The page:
The Bay School Project Center’s Engineering Lab recently  received a generous donation of a 35-watt laser cutter courtesy of the Bunker family.  A laser cutter works much like an ink jet printer in that it uses X and Y axes to move the laser beam to specific coordinates on the table based on a computer file. The laser can engrave or cut through wood and plastic materials up to .25” thick. Students who wish to generate parts on the laser cutter first create a file in Adobe Illustrator or a similar graphic program, and then “print” the file to the laser cutter. After placing the raw materials on a honeycomb web of thin metal, the beam burns through the material based on specific settings.

Having a laser cutter enables the Engineering program to generate shapes and components that would otherwise be very difficult or impossible to create using more standard machine shop tools likes saws and mills. Shapes or components with intricate curves, or inside right angles (like square windows within a larger piece of plastic) are difficult to do manually, so the laser cutter will allow students to produce single or multiple parts from one file and each component will be created with the same accuracy as any other.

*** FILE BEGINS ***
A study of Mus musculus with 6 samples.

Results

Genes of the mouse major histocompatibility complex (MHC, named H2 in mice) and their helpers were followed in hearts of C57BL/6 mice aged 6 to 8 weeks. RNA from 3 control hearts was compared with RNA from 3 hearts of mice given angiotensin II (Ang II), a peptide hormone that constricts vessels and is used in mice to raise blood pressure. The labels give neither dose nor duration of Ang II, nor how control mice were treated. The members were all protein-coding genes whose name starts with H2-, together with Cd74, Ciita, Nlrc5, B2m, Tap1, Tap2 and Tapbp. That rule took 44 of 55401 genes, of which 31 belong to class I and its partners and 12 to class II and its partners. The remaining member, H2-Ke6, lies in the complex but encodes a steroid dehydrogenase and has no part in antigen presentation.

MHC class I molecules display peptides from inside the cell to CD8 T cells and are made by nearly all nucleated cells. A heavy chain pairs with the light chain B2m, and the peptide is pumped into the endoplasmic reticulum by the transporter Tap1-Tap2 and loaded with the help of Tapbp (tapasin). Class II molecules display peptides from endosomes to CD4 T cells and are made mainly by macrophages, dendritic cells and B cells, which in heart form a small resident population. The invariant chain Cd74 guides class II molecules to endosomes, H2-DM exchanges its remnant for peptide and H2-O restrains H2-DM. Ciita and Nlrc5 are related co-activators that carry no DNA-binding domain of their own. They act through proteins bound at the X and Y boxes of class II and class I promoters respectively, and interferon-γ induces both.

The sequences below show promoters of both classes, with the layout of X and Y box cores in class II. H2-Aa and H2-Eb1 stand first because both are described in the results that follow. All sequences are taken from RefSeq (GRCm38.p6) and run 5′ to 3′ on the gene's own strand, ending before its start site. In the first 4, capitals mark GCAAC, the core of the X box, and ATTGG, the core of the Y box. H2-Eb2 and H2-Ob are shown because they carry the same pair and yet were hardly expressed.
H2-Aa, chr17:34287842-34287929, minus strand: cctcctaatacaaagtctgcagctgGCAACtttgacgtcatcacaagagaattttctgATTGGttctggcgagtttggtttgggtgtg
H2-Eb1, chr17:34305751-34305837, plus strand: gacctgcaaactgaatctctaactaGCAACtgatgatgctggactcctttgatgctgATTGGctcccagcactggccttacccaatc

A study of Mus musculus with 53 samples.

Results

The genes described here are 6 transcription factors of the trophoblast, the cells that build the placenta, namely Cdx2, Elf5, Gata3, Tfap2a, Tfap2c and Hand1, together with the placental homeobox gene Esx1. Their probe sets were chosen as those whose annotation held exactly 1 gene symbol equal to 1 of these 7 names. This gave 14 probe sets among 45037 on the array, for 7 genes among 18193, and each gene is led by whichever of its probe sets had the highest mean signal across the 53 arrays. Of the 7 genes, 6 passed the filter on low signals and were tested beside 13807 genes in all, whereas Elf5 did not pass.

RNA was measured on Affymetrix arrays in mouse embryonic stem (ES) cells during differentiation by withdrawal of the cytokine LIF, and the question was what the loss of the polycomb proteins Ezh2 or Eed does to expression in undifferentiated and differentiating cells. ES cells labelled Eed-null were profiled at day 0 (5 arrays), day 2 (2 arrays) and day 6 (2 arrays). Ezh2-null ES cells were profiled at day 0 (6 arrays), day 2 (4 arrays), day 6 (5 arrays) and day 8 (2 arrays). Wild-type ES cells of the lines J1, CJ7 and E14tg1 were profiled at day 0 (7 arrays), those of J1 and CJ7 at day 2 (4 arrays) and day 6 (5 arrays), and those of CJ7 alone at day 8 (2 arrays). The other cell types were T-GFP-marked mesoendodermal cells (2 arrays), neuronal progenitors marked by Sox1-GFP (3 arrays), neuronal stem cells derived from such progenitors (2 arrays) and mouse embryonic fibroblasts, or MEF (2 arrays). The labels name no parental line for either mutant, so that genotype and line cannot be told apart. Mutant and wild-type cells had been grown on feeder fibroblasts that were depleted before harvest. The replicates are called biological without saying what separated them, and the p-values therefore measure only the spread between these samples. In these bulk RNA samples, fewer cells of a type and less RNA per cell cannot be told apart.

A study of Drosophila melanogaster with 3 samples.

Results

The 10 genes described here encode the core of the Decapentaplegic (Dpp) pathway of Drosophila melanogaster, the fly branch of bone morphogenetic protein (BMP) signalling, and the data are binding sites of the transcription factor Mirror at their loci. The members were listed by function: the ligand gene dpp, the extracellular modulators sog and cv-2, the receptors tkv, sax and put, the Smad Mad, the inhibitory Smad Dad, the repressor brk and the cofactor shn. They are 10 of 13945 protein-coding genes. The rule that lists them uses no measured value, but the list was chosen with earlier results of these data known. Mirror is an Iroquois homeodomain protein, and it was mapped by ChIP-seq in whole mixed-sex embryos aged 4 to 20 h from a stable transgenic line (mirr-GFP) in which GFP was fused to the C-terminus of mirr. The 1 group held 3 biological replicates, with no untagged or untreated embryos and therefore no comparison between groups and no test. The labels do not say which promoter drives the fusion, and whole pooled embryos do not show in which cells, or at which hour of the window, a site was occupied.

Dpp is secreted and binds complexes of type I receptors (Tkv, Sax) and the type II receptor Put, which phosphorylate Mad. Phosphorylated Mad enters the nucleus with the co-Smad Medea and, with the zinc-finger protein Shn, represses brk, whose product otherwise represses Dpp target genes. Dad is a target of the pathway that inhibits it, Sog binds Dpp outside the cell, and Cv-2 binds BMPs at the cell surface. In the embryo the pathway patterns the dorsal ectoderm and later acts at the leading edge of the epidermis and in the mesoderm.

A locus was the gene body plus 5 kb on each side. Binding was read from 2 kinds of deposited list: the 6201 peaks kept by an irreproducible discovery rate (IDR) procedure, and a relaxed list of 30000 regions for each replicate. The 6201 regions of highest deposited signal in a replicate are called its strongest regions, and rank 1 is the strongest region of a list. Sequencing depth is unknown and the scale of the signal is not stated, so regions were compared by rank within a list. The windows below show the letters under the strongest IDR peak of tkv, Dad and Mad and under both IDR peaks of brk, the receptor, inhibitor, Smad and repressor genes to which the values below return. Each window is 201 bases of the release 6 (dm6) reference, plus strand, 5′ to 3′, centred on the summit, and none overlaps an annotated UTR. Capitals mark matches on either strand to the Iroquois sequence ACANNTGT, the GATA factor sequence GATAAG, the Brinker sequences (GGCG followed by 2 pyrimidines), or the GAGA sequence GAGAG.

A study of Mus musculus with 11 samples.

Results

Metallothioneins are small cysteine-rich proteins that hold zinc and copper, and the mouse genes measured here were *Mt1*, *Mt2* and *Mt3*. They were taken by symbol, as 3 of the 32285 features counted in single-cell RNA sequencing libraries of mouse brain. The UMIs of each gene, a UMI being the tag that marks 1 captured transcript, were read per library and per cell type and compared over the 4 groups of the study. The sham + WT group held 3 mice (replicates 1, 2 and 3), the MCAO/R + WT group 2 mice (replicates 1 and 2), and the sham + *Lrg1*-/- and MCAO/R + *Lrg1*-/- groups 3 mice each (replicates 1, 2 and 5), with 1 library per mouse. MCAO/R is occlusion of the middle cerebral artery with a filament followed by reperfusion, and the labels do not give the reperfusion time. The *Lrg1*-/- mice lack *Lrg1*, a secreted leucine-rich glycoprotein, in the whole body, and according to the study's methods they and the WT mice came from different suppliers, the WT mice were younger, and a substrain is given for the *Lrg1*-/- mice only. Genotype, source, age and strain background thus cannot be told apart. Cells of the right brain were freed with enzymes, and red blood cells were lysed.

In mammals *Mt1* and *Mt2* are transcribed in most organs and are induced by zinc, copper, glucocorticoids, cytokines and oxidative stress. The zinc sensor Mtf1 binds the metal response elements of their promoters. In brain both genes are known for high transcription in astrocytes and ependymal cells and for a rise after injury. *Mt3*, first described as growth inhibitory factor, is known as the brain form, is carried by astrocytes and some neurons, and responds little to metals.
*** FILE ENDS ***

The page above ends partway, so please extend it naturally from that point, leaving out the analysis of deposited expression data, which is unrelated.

Since we installed the cutter, students have used it for a range of projects, from creating L-shaped arms for a mechanism, wooden wheels for a mousetrap racer, robotic claw jaws, or multiple pieces of organically shaped plastic that will be stacked together to form a more complex component. It is a great addition to our growing program and we are grateful for the generous contribution.

Click here to view the laser cutter in action.